Examples of trickery in warfare

Oct 2017
79
South Australia
#1
Was inspired to create this thread by the story of when the Romans were besieging Syracuse and Archimedes used several different clever inventions against them, to the point that eventually he was able to trick them by merely dangling some ropes over the city walls, causing Roman soldiers to flee thinking it was another deadly invention.

What cunning deceptions in warfare can you think of?
 

Naomasa298

Forum Staff
Apr 2010
32,492
T'Republic of Yorkshire
#2
Battle of Hamamatsu.

Tokugawa Ieyasu, having been forced to retreat into his castle, ordered the gate to be left open while banging the war drums loudly. The pursuing Takeda troops, suspecting a trap, did not chase him into the castle, enabling him and his men to survive what was otherwise a defeat.
 

Chlodio

Ad Honorem
Aug 2016
3,643
Dispargum
#3
"All war is deception" - Sun Tzu

Probably the most famous deception was Operation Fortitude - the First US Army Group, commanded by Patton, that was supposed to invade France at Calais.

A very common trick was to leave your campfires burning brightly while your army slipped away under cover of night. A variation on this one was to light more campfires than necessary to make your enemy believe your army is larger than it really is.
 

Willempie

Ad Honorem
Jul 2015
4,897
Netherlands
#6
I suppose you are looking at real innovation on the spot such as with Archimedes.
Well two from the 80-years-war come to mind:
At the siege of Antwerpen in 1585 the besieged had created what may possibly be the first WMD. The descriptions of the weapon are vague, supposedly it was a fireship with a delayed explosion. It killed 800 Spaniards on the spot and eye witnesses claim to have seen the bottom of the Schelde river.
At the siege of Den Bosch, the Dutch commander prince Frederick Henry couldn't really attack because the area around the city was basically a swamp. Not daunted by this, he poldered off the area with dikes and dried the land by using windmills. Maybe the most innovative siege in history.
 
Feb 2016
4,255
Japan
#7
Seige of Ladysmith ... the British had dummies guarding the walls to trick the Boers over garrison size.

The British in WW2 planted a dead body off the coast of Spain with some fake plans and German spies fell for it hook line and sinker.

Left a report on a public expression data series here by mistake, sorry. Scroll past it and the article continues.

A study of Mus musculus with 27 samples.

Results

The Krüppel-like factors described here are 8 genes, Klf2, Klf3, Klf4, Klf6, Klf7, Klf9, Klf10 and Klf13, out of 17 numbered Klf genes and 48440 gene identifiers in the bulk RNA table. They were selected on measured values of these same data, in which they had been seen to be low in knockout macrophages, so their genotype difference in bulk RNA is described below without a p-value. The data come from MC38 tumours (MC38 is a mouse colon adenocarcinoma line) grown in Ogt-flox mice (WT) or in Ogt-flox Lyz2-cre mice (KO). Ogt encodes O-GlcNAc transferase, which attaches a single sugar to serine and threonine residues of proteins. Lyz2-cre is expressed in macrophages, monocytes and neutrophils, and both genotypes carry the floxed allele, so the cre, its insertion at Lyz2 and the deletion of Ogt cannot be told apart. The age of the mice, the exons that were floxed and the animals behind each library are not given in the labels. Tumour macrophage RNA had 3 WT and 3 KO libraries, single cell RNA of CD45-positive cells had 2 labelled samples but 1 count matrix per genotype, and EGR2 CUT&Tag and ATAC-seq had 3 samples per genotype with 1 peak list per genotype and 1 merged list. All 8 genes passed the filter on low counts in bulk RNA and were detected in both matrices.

Likes: Niobe
Mar 2019
512
Kansas
#8
In WW2 Marine Fighter Squadron 214, better known as the Black Sheep squadron where known to have created radio traffic that suggested they were a bomber formation who had lost their fighter escort. The Japanese got a real surprise when the sent fighters up to intercept

Operation Grief conducted by German soldiers disguised as US servicemen during the early stages of the Battle Of The Bulge.

Back in the early 70s James Blish began novelizing Star Trek episodes. In one of the volumes he tells of a letter he received. It was from a US soldier attached to a recon unit in Vietnam that got ambushed in a valley by artillery. In desperation the units commander on open radio called in a phaser attach from the support vessel USS Enterprise.

The letter explained they were not exactly sure what the NVA was thinking but the attack stopped long enough for the recon unit to make good its escape
 

Scaeva

Ad Honorem
Oct 2012
5,475
#9
The Battle of Midway

The U.S. had been forewarned of an upcoming Japanese offensive by listening in on Japan's naval & diplomatic comm traffic. The problem for the U.S. was that the objective of the offensive was referred to as only "A.F."

There was some disagreement between various intelligence organizations on where "A.F." might be, but on a a hunch that it could be Midway, the island garrison was instructed by Pearl Harbor via an underwater cable (making that comm traffic completely secure) to falsely broadcast via an open comm channel that it was having trouble with it's desalination equipment. That communication was intercepted by the Japanese who subsequently reported that A.F. was short of drinking water, confirming the target for the offensive as Midway.

This allowed Chester Nimitz to plan an ambush of the Japanese fleet that would ultimately prove to be the most decisive naval battle of the Second World War, and one of the more decisive naval battles in human history.
 
Likes: Spike117
Jul 2017
2,261
Australia
#10
Philip II took a city by surprise by lashing ships together and rolling siege towers across them against the undefended side of the city walls while Philip's soldiers were attacking from the other side.